Shopping Cart Morality


Image: xedos4 / FreeDigitalPhotos.net

As far as I can tell, there are three types of people in the world. Those who always return their shopping carts to the cart rack, those who don’t, and those who return their carts only when it is convenient or when someone makes a point of reminding them to do it.

I have said on many occasions, being a moral person isn’t about the big good vs. evil decisions. Those are easy to make. The real challenge of moral living is doing the right thing when the stakes are low. In other words, a moral person does the right thing because it’s the right thing to do and not just because it’s convenient.  

Moral people don’t do the right thing to make themselves look good, though that is obviously a benefit. They do the right thing because they understand they are responsible for their actions and they find value and pride in doing their part, however small, to make the world a slightly better place.

When it comes to carts, not putting the carts back is a problem. It makes parking lots dangerous and does real damage to people’s properties. If you dislike driving into a parking lot and not being able to find a place to park your car because all the spots have carts in them, then the question you need to ask yourself is this: are you part of the problem or part of the solution. Because if you are not putting your carts back, you are part of the problem. Only putting them some of the time means you aren’t putting them back all the time.

Imagine if everyone put their carts back. Now, go and do your part to make that happen. Be a Humanist and do the right thing every time and not just when it is convenient.

9 comments:

  1. I had to check the post because the system here in Sweden is to pay for your cart with a coin and get it back when yoiu return it...and sure enough the carts in the photo are european...they have a little key hanging off them. You have to put a 5 kr (about a dollar) or in the rest of europe a euro ($1.30) in the slot to get one, and you get it back when you attach the key to the one in front of you when you return the cart to the corral. Morality is good. All the time, each time, agreed...But those carts in the photo got put back because of personal interest and incentive ;)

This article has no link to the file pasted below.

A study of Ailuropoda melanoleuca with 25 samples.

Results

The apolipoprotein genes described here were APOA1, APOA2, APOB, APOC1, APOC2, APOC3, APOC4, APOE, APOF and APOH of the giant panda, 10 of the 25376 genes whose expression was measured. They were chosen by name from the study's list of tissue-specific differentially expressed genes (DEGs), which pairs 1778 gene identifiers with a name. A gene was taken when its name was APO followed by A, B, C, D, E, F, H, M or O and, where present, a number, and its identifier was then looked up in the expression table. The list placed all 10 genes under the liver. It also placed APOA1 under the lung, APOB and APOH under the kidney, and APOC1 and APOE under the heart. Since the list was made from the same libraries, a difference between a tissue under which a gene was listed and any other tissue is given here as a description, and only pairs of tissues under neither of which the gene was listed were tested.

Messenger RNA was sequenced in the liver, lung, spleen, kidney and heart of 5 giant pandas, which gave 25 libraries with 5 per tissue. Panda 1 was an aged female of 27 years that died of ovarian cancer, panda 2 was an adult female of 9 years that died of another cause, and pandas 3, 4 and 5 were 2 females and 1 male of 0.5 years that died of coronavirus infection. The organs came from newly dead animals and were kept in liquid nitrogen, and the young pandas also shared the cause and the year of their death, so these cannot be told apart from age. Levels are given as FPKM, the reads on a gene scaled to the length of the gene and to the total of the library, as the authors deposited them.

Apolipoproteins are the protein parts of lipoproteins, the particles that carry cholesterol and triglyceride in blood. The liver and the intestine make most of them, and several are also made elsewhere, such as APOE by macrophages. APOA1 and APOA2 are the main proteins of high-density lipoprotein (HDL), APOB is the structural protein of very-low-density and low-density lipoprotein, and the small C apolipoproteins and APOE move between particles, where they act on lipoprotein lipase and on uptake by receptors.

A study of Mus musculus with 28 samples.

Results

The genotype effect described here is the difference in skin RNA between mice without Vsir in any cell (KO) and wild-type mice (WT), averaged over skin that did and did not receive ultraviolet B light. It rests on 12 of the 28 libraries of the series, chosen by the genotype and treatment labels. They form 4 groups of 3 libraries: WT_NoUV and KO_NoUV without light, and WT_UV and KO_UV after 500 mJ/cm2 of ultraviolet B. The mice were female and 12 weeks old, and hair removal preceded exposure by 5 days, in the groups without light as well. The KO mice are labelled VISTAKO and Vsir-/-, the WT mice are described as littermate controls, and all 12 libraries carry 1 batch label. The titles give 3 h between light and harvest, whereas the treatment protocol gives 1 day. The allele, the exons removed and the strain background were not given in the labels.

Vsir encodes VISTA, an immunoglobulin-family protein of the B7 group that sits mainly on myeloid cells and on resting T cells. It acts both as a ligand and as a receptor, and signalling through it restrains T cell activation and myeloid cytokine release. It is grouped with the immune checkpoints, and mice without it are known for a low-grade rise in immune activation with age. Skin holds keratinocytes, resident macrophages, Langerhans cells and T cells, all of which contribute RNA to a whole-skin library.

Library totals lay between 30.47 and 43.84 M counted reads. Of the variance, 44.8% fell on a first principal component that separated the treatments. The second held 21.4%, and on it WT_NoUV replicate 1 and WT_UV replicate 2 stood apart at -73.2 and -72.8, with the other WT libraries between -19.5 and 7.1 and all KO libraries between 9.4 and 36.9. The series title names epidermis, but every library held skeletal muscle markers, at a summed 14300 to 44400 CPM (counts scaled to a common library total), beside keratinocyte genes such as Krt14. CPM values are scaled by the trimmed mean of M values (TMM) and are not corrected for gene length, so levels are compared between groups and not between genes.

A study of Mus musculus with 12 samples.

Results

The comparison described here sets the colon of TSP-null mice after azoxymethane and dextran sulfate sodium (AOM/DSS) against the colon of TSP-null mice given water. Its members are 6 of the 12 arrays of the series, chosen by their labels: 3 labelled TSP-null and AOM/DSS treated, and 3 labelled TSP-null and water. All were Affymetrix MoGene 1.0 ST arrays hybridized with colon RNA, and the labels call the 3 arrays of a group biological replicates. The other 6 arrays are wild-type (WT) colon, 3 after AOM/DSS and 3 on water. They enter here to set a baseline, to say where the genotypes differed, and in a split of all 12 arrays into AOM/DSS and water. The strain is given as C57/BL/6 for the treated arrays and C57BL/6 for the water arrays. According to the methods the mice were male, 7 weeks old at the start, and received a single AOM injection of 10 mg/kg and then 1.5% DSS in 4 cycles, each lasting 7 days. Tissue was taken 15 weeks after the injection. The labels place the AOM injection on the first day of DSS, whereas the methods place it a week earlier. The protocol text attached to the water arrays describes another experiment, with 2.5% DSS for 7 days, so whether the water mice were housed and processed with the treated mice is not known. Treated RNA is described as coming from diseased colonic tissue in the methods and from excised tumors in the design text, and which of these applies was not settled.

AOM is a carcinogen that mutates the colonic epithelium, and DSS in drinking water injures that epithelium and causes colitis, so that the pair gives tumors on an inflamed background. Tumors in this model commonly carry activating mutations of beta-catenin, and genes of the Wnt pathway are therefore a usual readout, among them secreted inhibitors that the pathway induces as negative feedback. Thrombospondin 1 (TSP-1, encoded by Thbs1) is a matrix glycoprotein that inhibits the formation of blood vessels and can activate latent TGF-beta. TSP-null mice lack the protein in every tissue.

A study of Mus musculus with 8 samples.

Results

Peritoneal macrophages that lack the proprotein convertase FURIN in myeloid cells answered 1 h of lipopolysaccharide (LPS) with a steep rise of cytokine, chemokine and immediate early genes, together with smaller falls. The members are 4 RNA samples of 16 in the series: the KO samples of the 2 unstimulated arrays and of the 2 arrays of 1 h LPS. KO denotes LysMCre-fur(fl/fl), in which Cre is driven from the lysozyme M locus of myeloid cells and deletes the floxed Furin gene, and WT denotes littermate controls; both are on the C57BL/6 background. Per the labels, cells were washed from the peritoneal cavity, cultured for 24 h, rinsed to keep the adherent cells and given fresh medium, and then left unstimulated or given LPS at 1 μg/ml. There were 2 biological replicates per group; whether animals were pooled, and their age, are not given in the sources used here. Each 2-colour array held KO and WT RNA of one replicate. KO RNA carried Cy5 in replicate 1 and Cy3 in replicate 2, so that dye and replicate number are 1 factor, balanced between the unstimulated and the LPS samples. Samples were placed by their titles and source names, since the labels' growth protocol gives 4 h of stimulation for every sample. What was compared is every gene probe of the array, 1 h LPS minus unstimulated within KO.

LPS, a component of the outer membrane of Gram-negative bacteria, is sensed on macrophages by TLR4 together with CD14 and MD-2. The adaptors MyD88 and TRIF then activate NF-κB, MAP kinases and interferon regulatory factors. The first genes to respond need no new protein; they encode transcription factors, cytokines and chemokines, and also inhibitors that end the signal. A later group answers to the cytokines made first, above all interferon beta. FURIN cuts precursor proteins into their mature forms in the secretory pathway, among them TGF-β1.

I'm proud to say that I always return carts. Unfortunately, that pride has to be tempered by the admission that I actively look for a parking spot close to a cart corral, which diminishes the effort needed to return them.

    Great reflection on the importance of moral behavior in the "small" things.




    I remember see finding day trippers' picnic rubbish left at a park after a drive down the Sea-Sky highway in British Columbia, which did not look nice and unexpected in Canada. Tidiest country I have visited is Denmark.

    Here in the UK, we do have the coin return system, but still some wag finds a way to beat the system and leave shopping trolleys lying around



    But things like putting my cart back - yup - all the time.